Greetings fellow Age of Empires community,

Have you ever found yourself wondering who are the hard-working villagers in game collecting your food and your lumber? How did they become agriculturists or specialize in hunting animals? I know I have pondered about this before. My curiosity got the best of me and I simply had to take a trip back in time to immerse myself in the reality of these essential members of medieval societies who also happen to be an essential part of your gameplay experience. I must clarify, this piece only includes the first of many types of common folk across the countless civilizations found across our games. We will first analyze the lives of most European peasants and determine that their experiences are, most-likely, quite different than yours. I hope this short tale will begin to quench your curiosity on the life of your villagers.

Who were medieval peasants?

  • They were considered to be the common fold of medieval societies. Often referred to as “commoners”
  • The lowest class in medieval feudal societies.
  • Other names include “ones who work”. This terminology was used to categorize and separate each class based on their roles. For example, they also used the terms the “ones who pray” for leadership of the church and “ones who fight” for members of the military.
  • Medieval peasants lived a harsh and draining life which often revolved around the arduous labor of their jobs.
  • Most peasants were indebted to some form of servitude to feudal lords and their manors. Complete freedom was not as common as you may have guessed.
Women working on their fields

The subdivisions of the peasant class:

  • Freeman: members of the lowest class who had some rights and some land.
    • They did not have to report to a lord.
    • Some freemen were able to set up their own businesses.
  • Serf: peasants who were tied to a specific lord or manor. They worked their lord’s land and were granted a small piece of land to work for themselves.
    • Often times, the dues for their own plot were paid in the form of labor
    • Labor and land were inherited from generation to generation.
    • Although they belong to a lord and his manor, they could not be sold or traded.
    • Serfdom ensured protection for these peasants in the face of political and economic uncertainty.
    • Buying their freedom was an option but was considered to be unachievable by most.
    • Unlike slaves, they could not be sold or traded among lords. They would only change ownership if the piece of land they were working on changed ownership.
  • Slave: peasants who had no rights and were sold, traded, and made to labor, with little to no benefits to themselves.
    • They could not make any decision for themselves
    • None of the labor or the fruits of their work belonged to them or their families.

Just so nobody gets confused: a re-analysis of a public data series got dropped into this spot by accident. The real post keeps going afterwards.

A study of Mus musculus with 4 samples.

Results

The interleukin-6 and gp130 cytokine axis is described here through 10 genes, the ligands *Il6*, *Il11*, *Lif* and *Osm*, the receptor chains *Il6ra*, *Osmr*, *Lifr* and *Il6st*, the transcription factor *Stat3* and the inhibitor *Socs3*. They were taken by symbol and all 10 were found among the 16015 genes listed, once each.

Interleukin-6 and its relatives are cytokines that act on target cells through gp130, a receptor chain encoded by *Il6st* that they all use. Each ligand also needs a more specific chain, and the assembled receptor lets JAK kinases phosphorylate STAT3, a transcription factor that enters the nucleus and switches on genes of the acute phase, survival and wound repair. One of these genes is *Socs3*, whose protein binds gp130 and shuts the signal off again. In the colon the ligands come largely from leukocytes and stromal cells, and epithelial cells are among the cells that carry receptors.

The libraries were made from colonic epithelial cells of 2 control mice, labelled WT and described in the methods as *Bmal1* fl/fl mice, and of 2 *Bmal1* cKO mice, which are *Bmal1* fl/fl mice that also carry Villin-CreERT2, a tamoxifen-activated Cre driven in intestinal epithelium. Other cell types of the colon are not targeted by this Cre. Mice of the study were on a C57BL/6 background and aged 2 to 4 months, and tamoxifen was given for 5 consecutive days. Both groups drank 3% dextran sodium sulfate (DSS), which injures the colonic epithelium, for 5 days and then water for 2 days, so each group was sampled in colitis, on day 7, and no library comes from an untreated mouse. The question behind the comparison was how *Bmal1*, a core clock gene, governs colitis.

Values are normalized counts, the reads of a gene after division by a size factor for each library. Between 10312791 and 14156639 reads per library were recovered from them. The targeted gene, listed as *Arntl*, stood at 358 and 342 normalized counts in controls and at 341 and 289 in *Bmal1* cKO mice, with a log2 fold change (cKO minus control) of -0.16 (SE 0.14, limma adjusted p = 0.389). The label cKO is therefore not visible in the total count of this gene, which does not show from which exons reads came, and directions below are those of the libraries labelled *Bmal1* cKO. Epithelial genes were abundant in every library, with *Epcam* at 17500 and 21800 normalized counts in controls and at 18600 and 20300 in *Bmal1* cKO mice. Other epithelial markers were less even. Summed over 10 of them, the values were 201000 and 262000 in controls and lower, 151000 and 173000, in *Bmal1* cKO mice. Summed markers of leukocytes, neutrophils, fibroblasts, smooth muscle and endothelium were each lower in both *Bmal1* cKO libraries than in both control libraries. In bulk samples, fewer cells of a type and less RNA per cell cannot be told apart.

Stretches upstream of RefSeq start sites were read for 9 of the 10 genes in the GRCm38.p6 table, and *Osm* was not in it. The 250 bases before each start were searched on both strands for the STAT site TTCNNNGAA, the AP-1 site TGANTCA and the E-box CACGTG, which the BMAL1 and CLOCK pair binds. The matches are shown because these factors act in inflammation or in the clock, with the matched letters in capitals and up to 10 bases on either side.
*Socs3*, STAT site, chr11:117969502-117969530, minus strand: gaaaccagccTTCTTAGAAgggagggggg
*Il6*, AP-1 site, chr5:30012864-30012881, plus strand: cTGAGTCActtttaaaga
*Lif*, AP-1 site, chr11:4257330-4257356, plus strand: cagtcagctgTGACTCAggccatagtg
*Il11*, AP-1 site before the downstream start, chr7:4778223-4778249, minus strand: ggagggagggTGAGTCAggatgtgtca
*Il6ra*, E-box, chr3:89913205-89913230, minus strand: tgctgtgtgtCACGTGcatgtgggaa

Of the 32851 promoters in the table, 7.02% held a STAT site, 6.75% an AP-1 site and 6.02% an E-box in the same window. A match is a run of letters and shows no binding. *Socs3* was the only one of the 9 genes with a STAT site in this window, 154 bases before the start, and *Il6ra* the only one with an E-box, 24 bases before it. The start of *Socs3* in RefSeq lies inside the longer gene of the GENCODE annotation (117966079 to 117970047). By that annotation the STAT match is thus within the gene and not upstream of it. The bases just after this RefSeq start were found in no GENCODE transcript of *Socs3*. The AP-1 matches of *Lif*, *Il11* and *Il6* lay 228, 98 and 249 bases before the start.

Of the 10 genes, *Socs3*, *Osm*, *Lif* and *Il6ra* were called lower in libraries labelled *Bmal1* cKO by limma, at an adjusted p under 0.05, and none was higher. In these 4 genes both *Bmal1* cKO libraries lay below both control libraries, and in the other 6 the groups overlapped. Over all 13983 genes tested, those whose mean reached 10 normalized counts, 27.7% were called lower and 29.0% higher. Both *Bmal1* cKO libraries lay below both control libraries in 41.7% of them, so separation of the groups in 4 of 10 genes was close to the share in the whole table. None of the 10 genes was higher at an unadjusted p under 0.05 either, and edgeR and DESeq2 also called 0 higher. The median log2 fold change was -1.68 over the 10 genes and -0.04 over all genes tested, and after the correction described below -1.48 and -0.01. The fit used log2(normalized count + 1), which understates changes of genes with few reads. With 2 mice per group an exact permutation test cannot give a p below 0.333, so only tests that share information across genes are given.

• Working and paying their way out of slavery was nearly impossible.

Where they worked and served:

  • Regardless of their status, peasants worked mainly in agriculture and animal husbandry.
  • Agricultural workers were able to specialize their trade over time, allowing them to plant and care for specific types of crops on the fields of their lord’s land.
  • Calendars often featured drawings of agriculturalists which was fitting as they heavily relied on calendars to track the seasons, weather, cropping techniques, and more.
  • Without the agricultural workers and animal husbandry workers, the food supply for entire societies would collapse.

Where they lived:

  • Rural communities, hamlets, and small towns across the countryside.
  • Less than 10% of peasants lived in cities.
  • Rural living was not exclusive to peasants, but the majority of people under this status were the primary inhabitants of the rural and country-side.
  • The structure of their homes consisted of timber, sticks, and mud. They also lacked plumbing, and had very few belongings. While sticks and mud were rudimentary, they served as great insolation from the elements, keeping them cool in the summer and warm in the winter.
Medieval Manor

More Than Just a Worker

  • Commoners were essential members of medieval society. In reality, they were the backbone of their communities.
  • Their contributions to European societies through agriculture, husbandry provided a necessary stability their landlords needed to remain in power and avoid the collapse of their carefully structured.
  • Medieval peasants truly had the power to change society within their hands, and eventually, they did! This would become overwhelmingly evident during the emergence of the Plague and peasant revolts across Europe.

Fellow Age fans, I hope to be back next week with more information on medieval villagers from other civilizations across our games. I am thrilled to share what I have in store.

I’ll be back in the flip of a page, and maybe I’ll bring Carlisle and Gibb with me.